Why American Express Lowered Its Merchant Fees -- and How You Can Benefit
by Dana George | Nov. 12, 2019
American Express has lowered its merchant fees. Will this change ultimately benefit the consumer?
Last year, American Express lowered the fees they charge merchants each time their cards are swiped. But why? After decades of branding themselves as the premium card issuer, a favorite among the beautiful people, why make a change?
Since 1958, American Express has been available to customers in the highest income brackets and with the best credit. Along the way, the American Express card became a status symbol, a sign that the cardholder had arrived. American Express believed merchants would be willing to pay more in fees to encourage these high-spending customers to shop with them.
But that may be changing.
The cost of doing business
The fees that merchants pay to accept credit cards vary based on a several factors. What it boils down to is this: Fees for Visa, Mastercard, and Discover range from 1.5% to 2.5%, while American Express fees are in the 2.5% to 3.5% range.
Payment processor TSYS conducted a survey in 2018 asking over 1,200 consumers which payment form they prefer to use when making purchases. In that survey, 14% chose cash, 54% said debit card, and 26% selected credit card. These consumer preferences are in line with a 2019 study by the Federal Reserve that found 23% of payments are made with credit cards.
What that means for merchants is that roughly one out of four customers pays for purchases with a credit card. Businesses small and large cannot afford to give up those customers, meaning credit card fees are simply a cost of doing business.
Understanding the change of heart
According to The Nilson Report, a provider of news and data about the payment industry, Visa controlled nearly half the U.S. market in 2016. That makes sense, given that their fees tend to be the lowest. Visa's popularity is followed by Mastercard, with 32.3% of the market share, American Express with 11.8%, and Discover, at nearly 7.2%.
Due to fees, fewer merchants in the U.S. accept American Express compared to Visa or Mastercard. In fact, the card is accepted by approximately 1.3 million fewer establishments than its competitors. Outside the U.S., it's even more difficult to find a merchant willing to take the card.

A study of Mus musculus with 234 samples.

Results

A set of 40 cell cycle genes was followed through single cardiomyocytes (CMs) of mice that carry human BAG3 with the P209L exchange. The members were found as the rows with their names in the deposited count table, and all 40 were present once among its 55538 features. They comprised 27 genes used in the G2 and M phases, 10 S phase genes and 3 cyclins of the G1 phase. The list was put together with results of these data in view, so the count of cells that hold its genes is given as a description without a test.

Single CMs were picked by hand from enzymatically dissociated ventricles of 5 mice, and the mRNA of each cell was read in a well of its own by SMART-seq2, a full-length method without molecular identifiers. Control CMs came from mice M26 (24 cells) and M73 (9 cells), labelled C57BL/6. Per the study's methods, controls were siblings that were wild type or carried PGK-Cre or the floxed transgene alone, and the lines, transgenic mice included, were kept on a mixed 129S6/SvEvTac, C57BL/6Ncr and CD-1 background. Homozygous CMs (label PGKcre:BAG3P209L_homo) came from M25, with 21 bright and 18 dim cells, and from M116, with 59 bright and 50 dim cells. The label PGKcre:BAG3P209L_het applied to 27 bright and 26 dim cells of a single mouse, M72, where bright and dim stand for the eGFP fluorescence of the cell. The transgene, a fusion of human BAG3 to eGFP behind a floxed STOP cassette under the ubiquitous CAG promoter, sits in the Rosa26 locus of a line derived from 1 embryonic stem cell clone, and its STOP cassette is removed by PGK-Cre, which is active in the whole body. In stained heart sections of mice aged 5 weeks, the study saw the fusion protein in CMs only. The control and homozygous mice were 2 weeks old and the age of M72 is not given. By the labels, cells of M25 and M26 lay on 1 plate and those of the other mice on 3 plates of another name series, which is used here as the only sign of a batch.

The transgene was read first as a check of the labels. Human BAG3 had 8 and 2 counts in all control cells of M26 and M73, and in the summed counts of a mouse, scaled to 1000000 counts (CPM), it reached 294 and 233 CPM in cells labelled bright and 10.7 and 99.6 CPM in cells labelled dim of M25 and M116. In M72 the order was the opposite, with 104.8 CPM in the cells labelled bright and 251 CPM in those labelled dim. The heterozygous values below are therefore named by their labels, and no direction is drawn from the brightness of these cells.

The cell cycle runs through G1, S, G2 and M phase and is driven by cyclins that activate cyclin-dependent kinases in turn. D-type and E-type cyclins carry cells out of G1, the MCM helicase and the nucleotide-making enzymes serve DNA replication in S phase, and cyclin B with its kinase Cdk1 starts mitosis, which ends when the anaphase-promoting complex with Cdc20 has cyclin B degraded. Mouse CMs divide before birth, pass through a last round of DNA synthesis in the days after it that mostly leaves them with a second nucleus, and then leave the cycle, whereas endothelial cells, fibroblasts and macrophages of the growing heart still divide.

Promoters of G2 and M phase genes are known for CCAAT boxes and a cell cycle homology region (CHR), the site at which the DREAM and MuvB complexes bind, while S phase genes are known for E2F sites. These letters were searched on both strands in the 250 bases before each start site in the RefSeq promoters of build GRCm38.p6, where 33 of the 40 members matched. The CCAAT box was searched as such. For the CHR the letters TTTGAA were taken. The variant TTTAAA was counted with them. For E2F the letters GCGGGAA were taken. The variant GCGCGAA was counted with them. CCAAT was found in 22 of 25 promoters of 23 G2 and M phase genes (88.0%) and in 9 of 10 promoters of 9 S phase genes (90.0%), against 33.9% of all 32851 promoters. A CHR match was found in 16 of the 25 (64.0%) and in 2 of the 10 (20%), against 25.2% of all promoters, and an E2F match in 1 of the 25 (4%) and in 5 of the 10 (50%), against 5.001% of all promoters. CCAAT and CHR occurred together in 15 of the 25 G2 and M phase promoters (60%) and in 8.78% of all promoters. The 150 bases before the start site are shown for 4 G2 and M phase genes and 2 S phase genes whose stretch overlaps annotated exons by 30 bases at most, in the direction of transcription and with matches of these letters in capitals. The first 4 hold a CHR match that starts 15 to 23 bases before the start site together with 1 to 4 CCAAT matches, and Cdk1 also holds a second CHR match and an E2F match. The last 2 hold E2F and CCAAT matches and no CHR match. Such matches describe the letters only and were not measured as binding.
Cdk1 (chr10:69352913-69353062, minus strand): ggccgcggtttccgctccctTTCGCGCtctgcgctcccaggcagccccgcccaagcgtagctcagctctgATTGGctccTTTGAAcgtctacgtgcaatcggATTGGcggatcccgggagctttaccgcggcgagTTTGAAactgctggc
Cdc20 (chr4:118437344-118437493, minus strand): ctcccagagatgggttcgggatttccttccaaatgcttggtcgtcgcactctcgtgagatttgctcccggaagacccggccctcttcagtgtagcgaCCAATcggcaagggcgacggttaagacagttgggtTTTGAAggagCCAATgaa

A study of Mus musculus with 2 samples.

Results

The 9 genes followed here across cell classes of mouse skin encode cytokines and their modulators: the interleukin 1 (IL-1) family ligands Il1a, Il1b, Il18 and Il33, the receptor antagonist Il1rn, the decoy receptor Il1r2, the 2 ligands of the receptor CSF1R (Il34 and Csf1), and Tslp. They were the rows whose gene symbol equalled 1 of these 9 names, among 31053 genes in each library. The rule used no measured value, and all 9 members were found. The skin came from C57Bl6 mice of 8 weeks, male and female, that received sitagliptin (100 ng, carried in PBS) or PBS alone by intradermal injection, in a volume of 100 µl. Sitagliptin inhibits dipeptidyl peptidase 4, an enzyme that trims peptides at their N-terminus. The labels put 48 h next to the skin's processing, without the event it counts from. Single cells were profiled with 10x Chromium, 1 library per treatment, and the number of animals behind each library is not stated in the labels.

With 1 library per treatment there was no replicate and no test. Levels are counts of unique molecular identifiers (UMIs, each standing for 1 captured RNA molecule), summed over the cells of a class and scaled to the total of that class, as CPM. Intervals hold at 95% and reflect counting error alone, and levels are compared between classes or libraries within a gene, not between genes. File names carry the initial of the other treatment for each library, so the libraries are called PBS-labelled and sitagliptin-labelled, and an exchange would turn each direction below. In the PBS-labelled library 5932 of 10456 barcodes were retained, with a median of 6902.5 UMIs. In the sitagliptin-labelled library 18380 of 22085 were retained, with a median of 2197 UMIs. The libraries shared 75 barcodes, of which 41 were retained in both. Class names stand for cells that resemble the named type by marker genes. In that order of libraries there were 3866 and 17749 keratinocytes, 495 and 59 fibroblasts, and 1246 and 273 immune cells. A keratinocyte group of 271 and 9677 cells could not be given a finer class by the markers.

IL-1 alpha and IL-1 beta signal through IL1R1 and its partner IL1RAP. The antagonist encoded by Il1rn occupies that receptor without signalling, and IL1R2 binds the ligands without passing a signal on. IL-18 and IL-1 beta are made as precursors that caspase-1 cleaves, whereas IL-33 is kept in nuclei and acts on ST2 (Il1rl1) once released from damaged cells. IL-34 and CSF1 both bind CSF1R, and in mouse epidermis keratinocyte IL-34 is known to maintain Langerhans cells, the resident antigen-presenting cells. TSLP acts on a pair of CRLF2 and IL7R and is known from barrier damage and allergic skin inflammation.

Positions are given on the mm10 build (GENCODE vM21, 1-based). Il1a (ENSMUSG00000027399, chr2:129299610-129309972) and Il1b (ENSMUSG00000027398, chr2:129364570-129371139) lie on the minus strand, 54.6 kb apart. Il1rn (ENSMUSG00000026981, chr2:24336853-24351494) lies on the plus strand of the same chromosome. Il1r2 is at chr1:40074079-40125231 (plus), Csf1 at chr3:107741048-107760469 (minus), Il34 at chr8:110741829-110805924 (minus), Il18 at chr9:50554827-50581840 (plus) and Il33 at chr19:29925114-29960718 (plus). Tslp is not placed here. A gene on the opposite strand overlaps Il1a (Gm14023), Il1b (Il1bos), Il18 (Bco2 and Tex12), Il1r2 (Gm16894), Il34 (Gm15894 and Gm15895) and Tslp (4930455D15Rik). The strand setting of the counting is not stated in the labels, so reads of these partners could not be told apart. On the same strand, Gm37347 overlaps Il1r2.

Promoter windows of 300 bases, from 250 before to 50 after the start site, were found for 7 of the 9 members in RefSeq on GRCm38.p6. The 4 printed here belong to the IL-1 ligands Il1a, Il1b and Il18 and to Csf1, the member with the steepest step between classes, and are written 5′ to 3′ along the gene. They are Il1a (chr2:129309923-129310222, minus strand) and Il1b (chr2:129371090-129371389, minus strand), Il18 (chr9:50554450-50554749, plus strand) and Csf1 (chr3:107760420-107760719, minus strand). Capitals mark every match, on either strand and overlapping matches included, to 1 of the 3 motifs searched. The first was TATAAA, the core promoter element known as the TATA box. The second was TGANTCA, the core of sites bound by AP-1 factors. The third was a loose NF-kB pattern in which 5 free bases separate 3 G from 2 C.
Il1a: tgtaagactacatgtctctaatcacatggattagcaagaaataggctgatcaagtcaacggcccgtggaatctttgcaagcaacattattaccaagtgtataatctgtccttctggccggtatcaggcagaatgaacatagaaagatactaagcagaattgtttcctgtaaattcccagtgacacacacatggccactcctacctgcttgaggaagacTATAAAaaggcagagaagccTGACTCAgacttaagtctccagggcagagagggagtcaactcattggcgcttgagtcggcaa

Historically, the company has been able to make up the loss in sales volume with higher fees, but in the competitive race for new business, their market strategy has shifted to closing the gap between their fees and the fees of their competitors.
Will the change benefit consumers?
It's difficult to know whether the company's decision to lower fees will ultimately benefit the consumer. In theory, merchants can pass those savings on to their customers -- but there's an argument to be made for them not to do so.
In 2010, as Congress debated whether credit card fees were fair, retailers had the opportunity to share their experiences. What they reported was that they often lost money on small transactions due to fees eating their entire profit margin. One of the things retailers must determine is whether the fees they're saving are enough to offset profits being lost to those small transactions.
One advantage for consumers may be in the number of retailers worldwide who will now accept American Express. According to the company, their card is now accepted in over 3 million more places in the U.S. than it was two years ago. If a consumer can use and profit from the card in more locations, that's a positive.
Further, if merchants find that accepting American Express cards leads to a greater number of customers shopping in their stores, it's good for sales, and ultimately, that's good for the entire community.
A quick tip: If you enjoy the perks associated with being an American Express cardholder, keep using it. But until the dust settles, and you know the card will be accepted wherever you shop, keep a Visa or Mastercard in your pocket as backup.